Artist Feature: Mark Kelly Photography
Mark Kelly is a passionate photographer dedicated to documenting very important social issues. He is a talented portrait and landscape photography artist, he also teaches photography workshops, and is a counsellor, using photography as a therapeutic element in his practice. In 1997 Mark took a canoe trip in the North and knew right away that he wanted to live in the Yukon. Mark is currently based in Whitehorse, but he travels all over the world for his photography work.
Mark's photography style features strong contrast and rich tones, highlighting well the elements and stories he is so dedicated to telling.
Mark is part of the #ArcticRefugeStories project with the International League of Conservation Photographers this summer to document and bring awareness to conservation issues in the North.
Right now Mark is working on the Arctic National Wildlife Refuge, the biggest wildlife park in the United States, to raise awareness about oil exploration and drilling going on in the area.
Currently, in Old Crow, Mark says drilling in the area "is of particular concern for the Gwitch’in people who have lived in this part of the world for millennia. The traditional territory of the Gwitch’in straddles the Yukon-Alaska border from as Far East as Inuvik, NWT to Fort Yukon, Alaska to the west."
There is more than a few concerns about the drilling plans for the area, but Mark says "the primary concern is the caribou calving grounds. Drilling in the calving grounds will interrupt the birthing and migration of the Porcupine Caribou Herd. The caribou are extremely sensitive to any alteration to the habitat. If there is a change of some kind, the caribou will move and the predictability for the Gwitch'in's hunting is forever altered. As well, the drilling in the calving grounds will reduce the population of the caribou."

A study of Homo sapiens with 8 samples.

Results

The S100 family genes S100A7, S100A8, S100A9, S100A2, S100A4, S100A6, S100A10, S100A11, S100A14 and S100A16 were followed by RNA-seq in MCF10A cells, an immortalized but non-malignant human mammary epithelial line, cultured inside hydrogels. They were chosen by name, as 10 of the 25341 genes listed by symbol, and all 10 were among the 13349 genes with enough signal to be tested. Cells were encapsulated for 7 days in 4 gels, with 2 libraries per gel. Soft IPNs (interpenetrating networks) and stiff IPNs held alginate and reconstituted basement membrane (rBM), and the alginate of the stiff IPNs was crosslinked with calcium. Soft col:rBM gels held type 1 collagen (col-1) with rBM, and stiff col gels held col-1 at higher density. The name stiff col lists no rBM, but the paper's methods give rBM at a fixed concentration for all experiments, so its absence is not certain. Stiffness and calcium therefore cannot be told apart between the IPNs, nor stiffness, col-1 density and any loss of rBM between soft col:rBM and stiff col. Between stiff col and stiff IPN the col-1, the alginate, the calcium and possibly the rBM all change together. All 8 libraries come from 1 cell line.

Another of Mark's documentary projects, in collaboration with Lily Gontard and Harbour Publishing, is Beyond Mile Zero: The Vanishing Alaska Highway Lodge Community. Published in 2017, this beautiful book details Lily and Mark's visits to currently operating as well as abandoned lodges along the Alaska Highway. The publishers description notes: "During the roadhouse heyday, owners and employees lived on the frontier and earned good wages. Some were looking for a life-long commitment and a place to raise a family, others relished the isolation." The book includes a fantastic collection of Mark's photography as well as stories, documented by Lily, from many people who have operated the lodges.
You can find more of Mark's work, and purchase prints, on his website, facebook, and Instagram, as well as the ILCP instagram. You can buy Beyond Mile Zero straight from the publisher, or from Amazon or Indigo.
Mark is working hard to bring awareness to important social issues in the North and around the world, I'd highly recommend following his work.